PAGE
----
21 January 2021

2021 IP trends to keep an eye on

In this feature by Lawyer Monthly, partners Andrew White and Chris Hamer provide their thoughts on the patent trends to look out for in 2021.

Artificial intelligence – Andrew White

As with recent years, artificial intelligence (AI) looks set to continue to be a trend for 2021. With the publication in Nature in November 2020 announcing that DeepMind’s AI “AlphaFold” will “change everything”, we are likely going to see further developments where AI is used to solve problems relevant to humanity – particular in spaces where AI is used to solve problems in the chemical and life sciences fields, and relevant IP in this area is likely going to more and more relevant as commercial applications come to fruition. Partly in recognition of this, the European Patent Office (EPO) held a Digital Conference in December 2020 on “the role of patents in an AI-driven world”, with the EPO calling AI “one of the disruptive technologies of our time” and recognising that patenting activity in this area has increased dramatically recently.

Patent trends – Chris Hamer

Plant based foods – The growth in this sector is undeniable with the market expected to reach $74.2bn by 2027. With political and social pressure to improve diets, and initiatives such as Veganuary,food manufacturers will invest millions to be able to provide innovative plant based alternatives which truly fool the consumer into thinking they are eating the real thing. Throw into the mix the fact that different countries only have access to certain raw materials and you can see just how difficult the challenge is…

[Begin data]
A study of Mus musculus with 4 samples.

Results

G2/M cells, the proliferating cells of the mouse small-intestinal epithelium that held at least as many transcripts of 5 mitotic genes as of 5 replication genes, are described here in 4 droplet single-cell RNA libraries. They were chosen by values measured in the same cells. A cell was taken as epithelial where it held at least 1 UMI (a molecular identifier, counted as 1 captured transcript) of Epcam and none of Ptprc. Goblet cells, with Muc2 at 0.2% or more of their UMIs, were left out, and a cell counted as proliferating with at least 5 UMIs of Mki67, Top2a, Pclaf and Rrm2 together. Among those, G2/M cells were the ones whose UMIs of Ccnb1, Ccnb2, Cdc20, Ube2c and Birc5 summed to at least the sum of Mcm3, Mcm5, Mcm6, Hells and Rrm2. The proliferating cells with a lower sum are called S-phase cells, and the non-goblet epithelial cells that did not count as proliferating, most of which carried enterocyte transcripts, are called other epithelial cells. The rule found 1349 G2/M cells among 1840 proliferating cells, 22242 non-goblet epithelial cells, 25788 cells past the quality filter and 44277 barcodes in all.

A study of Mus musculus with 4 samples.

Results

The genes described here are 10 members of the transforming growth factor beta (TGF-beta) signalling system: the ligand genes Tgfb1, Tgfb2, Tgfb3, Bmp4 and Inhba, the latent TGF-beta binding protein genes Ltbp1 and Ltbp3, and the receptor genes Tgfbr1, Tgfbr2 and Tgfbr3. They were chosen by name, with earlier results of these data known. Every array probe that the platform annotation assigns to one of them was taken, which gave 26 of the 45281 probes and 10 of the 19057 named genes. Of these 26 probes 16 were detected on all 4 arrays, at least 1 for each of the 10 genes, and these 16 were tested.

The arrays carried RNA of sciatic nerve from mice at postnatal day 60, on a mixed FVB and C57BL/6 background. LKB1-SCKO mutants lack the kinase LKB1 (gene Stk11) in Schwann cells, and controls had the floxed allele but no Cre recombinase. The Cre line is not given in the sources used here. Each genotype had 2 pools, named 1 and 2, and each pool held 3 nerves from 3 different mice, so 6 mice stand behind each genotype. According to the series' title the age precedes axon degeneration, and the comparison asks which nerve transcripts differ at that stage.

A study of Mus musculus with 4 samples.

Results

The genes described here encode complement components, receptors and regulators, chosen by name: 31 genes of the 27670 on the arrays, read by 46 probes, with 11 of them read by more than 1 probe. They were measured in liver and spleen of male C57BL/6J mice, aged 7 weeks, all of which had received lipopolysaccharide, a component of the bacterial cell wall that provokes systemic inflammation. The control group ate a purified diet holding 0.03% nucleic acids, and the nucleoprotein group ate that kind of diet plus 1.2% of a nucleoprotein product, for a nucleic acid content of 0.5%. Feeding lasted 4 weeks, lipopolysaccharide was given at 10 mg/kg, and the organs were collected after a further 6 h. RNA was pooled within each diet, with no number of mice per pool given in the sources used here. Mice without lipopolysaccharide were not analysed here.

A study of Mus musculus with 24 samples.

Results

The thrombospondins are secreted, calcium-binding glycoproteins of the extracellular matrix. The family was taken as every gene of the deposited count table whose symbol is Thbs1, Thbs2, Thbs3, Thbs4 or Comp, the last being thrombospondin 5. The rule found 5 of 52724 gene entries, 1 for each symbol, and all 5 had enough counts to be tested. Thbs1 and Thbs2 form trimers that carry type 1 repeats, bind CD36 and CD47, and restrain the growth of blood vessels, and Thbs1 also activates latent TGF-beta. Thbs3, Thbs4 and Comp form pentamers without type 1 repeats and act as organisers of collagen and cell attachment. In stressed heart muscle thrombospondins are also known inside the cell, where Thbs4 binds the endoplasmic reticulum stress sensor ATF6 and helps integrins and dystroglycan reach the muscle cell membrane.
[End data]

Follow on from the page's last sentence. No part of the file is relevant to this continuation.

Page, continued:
Coronavirus – Much has been written about the vaccines and equipment developed over the last year, and whilst there will continue to be improvements, we expect to see an increase in digital technologies (e.g. virtual reality, network security, digital marketing apps, social media, e-commerce and videoconferencing, etc), which, in the long run, will hopefully drive productivity gains in a new business and social revolution.

Brexit – Now that the UK has officially left the EU, it will be interesting to see if UK and EU law really will diverge as some have feared, or whether the previous decades of harmonisation will generally remain for the foreseeable future.

These comments were first published in the January 2021 edition of Lawyer Monthly Magazine.